Big challenge awaits Lyco rush defense

Kyle Schuberth had Mike Clark’s attention. His high school highlight tape was impressive and the Lycoming head football coach was very aware of the Monsignor Bonner senior running back.

The recruiting of Schuberth likely wasn’t as heavy as it could have been had he gone to another school. He ran for just over 100 yards as a senior at the Drexel Hill high school.

You see, Schuberth was stuck in a tough situation, No. 2 on the depth chart behind a tailback named Eric Petransky. When given an opportunity, Schuberth was excelling, averaging better than 4 yards per carry his senior year.

But Petransky was a special player. He holds the Bonner single-season rushing record at over 1,500 yards in the Philadelphia Catholic League in 2009.

Despite getting just 26 carries as a senior, Schuberth turned heads, and as a heavy recruiter in southeast Pennsylvania, he was on Lycoming’s radar. Schuberth decided to go another route, enrolling at Delaware Valley following graduation at Bonner in 2010.

It’s a decision which has worked out well for both Schuberth and Delaware Valley. Now a senior and a preseason All-American, Schuberth leads the Aggies into David Person Field on Saturday against Lycoming in a matchup of the only two teams without a loss in Middle Atlantic Conference play.

A two-time 1,000-yard rusher for the Aggies, Schuberth has averaged better than 5 yards per carry for his career. He’s a returning All-MAC first-team selection who is third on the career rushing list and second on the career rushing touchdowns list for Delaware Valley.

And he was a high school backup.

“I’m not shocked. He was good (in high school),” Clark said earlier this week. “He’s an all-conference guy. I’m not surprised to see him come back the way he has.”

Schuberth missed the first two games of the season as Delaware Valley came back for a win over Rowan before dominating Misericordia. But for as good as the Aggies’ run game was in the first two games (195 yards per game), it’s been even better since Schuberth returned the last two weeks (257 yards per game).

He’s the leading rusher in the MAC in the last two weeks which includes a 214 yards, four-touchdown performance in last week’s first-place matchup against Stevenson. He also ran for 148 yards and a touchdown in a three-point win two weeks ago against Albright, a game Delaware Valley won on a last-second field goal.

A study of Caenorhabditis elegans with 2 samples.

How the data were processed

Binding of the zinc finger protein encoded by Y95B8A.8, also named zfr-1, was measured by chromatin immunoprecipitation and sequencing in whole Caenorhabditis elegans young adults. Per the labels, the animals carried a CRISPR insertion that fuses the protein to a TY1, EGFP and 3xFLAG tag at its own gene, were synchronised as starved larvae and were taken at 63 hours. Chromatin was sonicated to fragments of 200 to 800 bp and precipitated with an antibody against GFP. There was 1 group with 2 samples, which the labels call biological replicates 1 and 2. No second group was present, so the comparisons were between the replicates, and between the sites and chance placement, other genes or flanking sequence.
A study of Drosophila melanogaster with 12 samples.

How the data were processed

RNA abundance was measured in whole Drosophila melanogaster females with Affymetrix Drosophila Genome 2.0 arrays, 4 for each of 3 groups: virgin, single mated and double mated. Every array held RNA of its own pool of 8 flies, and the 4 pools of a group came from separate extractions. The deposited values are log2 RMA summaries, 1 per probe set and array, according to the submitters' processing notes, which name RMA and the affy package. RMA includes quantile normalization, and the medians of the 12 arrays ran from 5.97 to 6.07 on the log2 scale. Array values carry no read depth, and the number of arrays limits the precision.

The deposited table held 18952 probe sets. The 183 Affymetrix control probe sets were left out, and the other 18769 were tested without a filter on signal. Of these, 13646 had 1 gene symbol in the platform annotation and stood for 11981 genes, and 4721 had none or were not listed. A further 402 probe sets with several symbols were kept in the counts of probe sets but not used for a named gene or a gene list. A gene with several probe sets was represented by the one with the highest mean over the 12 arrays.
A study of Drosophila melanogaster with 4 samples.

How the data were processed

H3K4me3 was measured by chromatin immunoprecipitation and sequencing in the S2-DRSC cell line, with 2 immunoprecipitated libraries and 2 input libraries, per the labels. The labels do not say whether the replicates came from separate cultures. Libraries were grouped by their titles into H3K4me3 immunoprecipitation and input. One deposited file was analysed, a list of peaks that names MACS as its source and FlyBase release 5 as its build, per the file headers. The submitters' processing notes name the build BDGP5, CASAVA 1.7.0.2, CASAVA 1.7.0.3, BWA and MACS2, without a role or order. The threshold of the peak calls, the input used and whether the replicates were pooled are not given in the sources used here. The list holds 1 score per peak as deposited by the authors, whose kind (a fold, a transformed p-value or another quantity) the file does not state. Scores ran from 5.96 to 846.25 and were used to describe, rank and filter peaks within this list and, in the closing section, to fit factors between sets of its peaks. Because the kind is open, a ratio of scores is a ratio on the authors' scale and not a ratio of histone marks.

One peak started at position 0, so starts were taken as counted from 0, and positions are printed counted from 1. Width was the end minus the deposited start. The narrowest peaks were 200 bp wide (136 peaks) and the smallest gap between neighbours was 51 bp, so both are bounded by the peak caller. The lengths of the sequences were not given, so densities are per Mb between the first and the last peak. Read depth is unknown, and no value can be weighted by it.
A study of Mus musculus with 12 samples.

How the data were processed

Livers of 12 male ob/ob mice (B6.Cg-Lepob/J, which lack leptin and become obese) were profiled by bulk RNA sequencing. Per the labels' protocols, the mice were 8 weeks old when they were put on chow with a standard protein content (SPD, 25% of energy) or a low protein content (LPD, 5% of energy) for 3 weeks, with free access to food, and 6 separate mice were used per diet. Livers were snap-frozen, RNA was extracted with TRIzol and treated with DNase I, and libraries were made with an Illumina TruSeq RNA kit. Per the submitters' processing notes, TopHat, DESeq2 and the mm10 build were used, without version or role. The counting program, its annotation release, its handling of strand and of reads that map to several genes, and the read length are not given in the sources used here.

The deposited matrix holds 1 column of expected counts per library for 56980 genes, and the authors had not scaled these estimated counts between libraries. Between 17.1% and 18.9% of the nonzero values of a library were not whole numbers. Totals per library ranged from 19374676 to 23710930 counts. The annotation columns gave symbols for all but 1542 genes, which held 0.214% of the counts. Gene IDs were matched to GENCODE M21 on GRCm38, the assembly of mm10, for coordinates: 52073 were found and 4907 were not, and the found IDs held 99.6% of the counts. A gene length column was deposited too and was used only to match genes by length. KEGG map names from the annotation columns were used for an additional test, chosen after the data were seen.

“He’s really good,” Lycoming linebacker Kyle Sullivan said. “He’s been the best rusher in the MAC. We have a big challenge ahead of us, but we’re excited.”

The balance Schuberth provides to the Delaware Valley offense is imperative. The Aggies’ pro-style offense is similar in certain respects to what Lycoming does on a weekly basis.

It’s not an offense which is predicated on throwing the ball 40 times a week. In fact, if Delaware Valley and quarterback Aaron Wilmer are throwing the ball 40 times, things probably aren’t going very well offensively.

Finding a way to make the Aggies one-dimensional is important for Lycoming’s defense, but it’s a tall task. Delaware Valley wants to get Schuberth his 20 carries a game, and at 5 yards per carry – or 6 yards this season – that’s a dangerous proposition for opposing defenses.

“They’re tough on us preparation-wise,” Lycoming safety Tanner Troutman said. “They’re pretty much 50/50 run/pass. You can’t go out there and put more emphasis on the run or the pass.”

The Warriors did a nice job neutralizing Schuberth a year ago, allowing just 84 yards on 22 carries. And take away a 23-yard jaunt and Schuberth averaged under 3 yards per carry. The Aggies got into a position where they were down 10 points late and Wilmer had to throw 37 passes into a tough secondary.

Wilmer completed just 17 passes a year ago and was intercepted once as Delaware Valley averaged just 3.3 yards per carry as a team.

“A good football team has good balance, which is why we want to make them one dimensional,” Sullivan said. “As the game goes on it gets tougher and tougher to throw and if you’re throwing that much it’s usually because you’re behind. If the defense knows you’re passing the ball, it’s hard to complete passes.”